Suehiro dark kasumi/finish after Naniwa super stones on Moritaka blue2 ?

I have two new Suehiro stones, and a question about the finish/ colour left after polishing the back bevel with them.

A little bit of background: previous stones are Naniwa super (400, 3k, 1/5k combo, 12k—finisher for my straight razor) and Chosera (1k—love this stone). I lap them with a Lee valley stone (200 grit?) as the 400 grit SS dishes quite quickly.

I just got the debado 200 (which is huge!) and rika 5k in the mail from Adam over at the Cook's Edge. I'm Canadian and heard good things about these stones from the reviews on the forum. Adam seems like a good dude.

Spending some time with them today on my thinning and re-finishing project, which is an old Moritaka B2 240 gyuto I used to use in a pro kitchen as a workhorse. Both of these stones left a surprising dark finish on this knife. My supers leave a mirror polish at 3k or above, and yet the 5k Suehiro actually darkens the mirror from the 3k SS. Is this the elusive kasumi?

Grit progression was 150 sandpaper, 200 debado, 400 ss, 1k chosera, 3k ss, then 5k rika. After years of neglect I thought to spend a few hours with the new stones. Taken a fair bit of metal from this old Moritaka. Anyone else find the Suehiro stones leave behind this dark finish when sharpening? Pics will come when I try to force a patina (kurouchi is long gone).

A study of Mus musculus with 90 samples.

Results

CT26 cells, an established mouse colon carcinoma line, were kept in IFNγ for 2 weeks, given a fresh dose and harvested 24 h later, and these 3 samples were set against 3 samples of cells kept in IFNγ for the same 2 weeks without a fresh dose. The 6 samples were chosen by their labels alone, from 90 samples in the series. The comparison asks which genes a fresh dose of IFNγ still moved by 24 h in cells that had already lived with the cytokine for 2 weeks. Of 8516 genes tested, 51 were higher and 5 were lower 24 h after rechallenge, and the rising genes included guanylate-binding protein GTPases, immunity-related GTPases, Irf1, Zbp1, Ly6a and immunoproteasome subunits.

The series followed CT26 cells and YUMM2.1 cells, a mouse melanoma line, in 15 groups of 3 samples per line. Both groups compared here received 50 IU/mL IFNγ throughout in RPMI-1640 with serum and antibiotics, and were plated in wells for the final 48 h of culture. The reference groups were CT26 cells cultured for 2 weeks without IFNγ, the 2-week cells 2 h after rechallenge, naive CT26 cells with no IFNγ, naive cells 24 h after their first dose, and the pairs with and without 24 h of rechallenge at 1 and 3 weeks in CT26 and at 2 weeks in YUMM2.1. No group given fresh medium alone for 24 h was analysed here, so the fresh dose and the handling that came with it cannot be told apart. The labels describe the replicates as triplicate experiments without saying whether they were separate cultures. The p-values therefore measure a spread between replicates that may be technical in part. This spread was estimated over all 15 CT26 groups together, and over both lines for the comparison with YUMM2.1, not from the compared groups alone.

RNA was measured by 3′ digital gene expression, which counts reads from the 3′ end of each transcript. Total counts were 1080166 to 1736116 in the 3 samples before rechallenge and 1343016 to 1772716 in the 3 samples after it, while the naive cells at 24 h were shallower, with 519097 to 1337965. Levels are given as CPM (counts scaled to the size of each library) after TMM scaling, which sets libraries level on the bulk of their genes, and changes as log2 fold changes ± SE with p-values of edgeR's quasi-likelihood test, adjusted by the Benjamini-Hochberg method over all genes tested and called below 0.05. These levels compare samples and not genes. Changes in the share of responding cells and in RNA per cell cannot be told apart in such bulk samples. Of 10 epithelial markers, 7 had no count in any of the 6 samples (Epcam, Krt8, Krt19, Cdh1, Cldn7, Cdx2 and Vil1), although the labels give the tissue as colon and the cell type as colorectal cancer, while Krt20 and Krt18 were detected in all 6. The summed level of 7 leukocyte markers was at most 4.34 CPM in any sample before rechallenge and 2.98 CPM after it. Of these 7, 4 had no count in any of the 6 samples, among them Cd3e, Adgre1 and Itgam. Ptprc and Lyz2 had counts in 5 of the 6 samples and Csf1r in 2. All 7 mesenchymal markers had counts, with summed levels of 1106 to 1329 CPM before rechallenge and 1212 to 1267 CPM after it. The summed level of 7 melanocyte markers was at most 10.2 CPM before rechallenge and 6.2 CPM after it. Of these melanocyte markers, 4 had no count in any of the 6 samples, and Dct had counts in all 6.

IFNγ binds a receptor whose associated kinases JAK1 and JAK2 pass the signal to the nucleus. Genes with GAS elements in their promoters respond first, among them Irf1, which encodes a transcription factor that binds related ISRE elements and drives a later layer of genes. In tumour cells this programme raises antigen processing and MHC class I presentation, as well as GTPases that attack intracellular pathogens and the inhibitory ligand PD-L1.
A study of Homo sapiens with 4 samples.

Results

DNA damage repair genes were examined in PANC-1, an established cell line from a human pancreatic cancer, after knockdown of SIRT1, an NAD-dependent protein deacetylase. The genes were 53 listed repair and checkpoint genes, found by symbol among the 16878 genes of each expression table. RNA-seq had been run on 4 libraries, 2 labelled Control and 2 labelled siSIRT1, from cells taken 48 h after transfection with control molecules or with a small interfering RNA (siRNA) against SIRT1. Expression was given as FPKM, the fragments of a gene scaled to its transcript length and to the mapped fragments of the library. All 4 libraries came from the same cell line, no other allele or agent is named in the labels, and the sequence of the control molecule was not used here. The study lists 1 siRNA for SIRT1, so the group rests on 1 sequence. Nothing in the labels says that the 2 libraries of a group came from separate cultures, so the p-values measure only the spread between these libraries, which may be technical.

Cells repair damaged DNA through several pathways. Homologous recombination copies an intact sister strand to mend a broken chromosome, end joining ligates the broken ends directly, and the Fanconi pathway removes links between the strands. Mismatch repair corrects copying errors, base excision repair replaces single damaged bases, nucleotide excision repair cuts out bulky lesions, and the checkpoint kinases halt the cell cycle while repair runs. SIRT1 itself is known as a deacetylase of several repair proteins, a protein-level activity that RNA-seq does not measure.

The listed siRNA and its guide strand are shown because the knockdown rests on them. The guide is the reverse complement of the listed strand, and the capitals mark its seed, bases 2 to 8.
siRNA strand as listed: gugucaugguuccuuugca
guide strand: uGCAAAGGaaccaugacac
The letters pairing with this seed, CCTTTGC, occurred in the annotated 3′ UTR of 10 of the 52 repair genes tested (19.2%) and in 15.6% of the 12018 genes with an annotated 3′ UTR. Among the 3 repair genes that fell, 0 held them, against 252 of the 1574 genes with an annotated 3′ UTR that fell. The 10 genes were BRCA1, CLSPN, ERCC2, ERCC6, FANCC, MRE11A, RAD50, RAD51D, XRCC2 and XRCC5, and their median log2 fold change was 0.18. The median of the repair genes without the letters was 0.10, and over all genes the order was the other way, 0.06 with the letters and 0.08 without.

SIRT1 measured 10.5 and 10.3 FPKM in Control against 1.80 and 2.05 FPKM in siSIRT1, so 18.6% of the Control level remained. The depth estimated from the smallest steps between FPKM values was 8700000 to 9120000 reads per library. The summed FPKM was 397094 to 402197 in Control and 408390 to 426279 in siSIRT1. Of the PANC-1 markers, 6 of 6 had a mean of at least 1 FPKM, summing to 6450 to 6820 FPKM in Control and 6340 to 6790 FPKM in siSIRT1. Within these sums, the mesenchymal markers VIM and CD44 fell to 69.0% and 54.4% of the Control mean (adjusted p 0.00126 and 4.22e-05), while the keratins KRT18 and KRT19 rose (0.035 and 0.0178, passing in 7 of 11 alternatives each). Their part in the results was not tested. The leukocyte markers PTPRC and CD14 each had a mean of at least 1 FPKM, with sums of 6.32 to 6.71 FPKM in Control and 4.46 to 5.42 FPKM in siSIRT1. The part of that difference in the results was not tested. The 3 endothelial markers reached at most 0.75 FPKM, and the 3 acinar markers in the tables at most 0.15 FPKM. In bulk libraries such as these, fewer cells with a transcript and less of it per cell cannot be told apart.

My Rika 5k leaves a kasumi finish, and the 220/200 grit stones that I have used have all left a lot of contrast. Does the effect that you are describing happen when you are polishing with your Chosera 1k? I get a really nice looking kasumi finish (for the grit) with my NP1k.
This might be more of a process thing than a stone thing. No doubt different stones will leave different finishes, but most stones can give varying finishes when used under different conditions.

#1 - super stones are exceptional at making high polishes. They will almost always give you a cleaner, brighter finish than other stones of similar grit.

Haze/kasumi/cloudiness, whatever we want to call it, is created by loose grit rolling around while abrading - accomplished by using a thicker, heavier mud while polishing, and using short strokes. Alternatively, clean water and long strokes will give a much shinier finish with a visible scratch pattern at middle grits. Your chosera is *extremely* good at showing this. If you’re up for it, I suggest trying the 2 techniques on opposite sides of the knife and see how it reacts.

I suspect the rika is quite soft, and produces some nice mud, giving you the haze that the super stone doesn’t.

IME moritaka’s blue #2 polishes up very easily, and his iron cladding is nice to work with. Short, flatter bevels makes polishing easier than some others. You picked a good polish mule!


Moritaka cladding happily gets hazy while leaving the core steel high polish. Roughly 3-5k stone, as well, but with a good amount of mud.